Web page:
A Room of One’s Own by Virginia Woolf

A Room of One's Own' by Virginia Woolf | All-TIME 100 Nonfiction Books |  TIME.com

Rating: 4.5 out of 5.

Virginia Woolf’s ‘A Room of One’s Own’ is considered a milestone in feminist literature. The sheer relevance and the way of delivering the topic make it a fine piece of literature. It was written in 1928 when the feminist movement was in the initial stage. Ms. Woolf was asked to speak about “Women and Fiction”, and she ended up writing an essay on the topic.

She started by pointing out that the topic has confused her. She didn’t know if she was asked about fiction written by them, for them, or on them. And amidst this dilemma, she decided to capture all three. She makes a simple statement, that if a woman has to write she should have a room of her own and financial resources to do so. She argues that historically women have been uneducated and not allowed to participate in social activities like men. Women have not been able to express themselves in literature because of this.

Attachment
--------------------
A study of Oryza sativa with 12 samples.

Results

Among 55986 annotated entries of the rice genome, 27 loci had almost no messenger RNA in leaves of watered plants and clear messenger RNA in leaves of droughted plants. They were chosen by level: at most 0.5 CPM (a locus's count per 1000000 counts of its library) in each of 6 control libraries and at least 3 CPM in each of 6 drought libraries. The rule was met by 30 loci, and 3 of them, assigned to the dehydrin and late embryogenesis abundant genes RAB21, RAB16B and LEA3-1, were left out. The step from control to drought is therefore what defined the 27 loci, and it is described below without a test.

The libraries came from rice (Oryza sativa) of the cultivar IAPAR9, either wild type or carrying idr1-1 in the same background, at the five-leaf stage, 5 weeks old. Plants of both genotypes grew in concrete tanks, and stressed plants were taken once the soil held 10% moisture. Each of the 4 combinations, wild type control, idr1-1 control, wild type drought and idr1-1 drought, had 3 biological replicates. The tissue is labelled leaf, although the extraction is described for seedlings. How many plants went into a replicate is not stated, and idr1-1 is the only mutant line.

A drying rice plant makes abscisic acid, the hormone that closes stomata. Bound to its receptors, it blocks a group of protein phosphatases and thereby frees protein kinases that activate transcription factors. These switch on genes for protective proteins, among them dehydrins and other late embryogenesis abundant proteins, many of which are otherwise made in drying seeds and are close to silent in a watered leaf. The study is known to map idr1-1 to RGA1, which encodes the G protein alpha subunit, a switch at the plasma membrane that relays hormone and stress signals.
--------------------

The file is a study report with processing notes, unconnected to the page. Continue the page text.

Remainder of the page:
“I would venture to guess that Anon, who wrote so many poems without signing them, was often a woman.”

She pulls out various examples from history, like the Bronte sisters, who had to adopt a pen name ‘the bell brothers’ to get accepted in literature. The unacceptance and illiteracy of women have led to the under expression of women in literature. And it’s the men who write about women.

She draws an example of Shakespeare and his hypothetical sister ‘Judith’. If she were also gifted with the gift of literature like his brother, but was left uneducated and not given equal opportunity of representation. She would get lost in the world without her stories and plays. Ms.Woolf’s example was simple, that if Shakespeare was a woman the world would miss on remarkable plays and Stories. Similarly, due to the discrimination, there have been a large number of women who have not been able to tell their stories. After all, if one has to write literature, she should have resources and education to do so.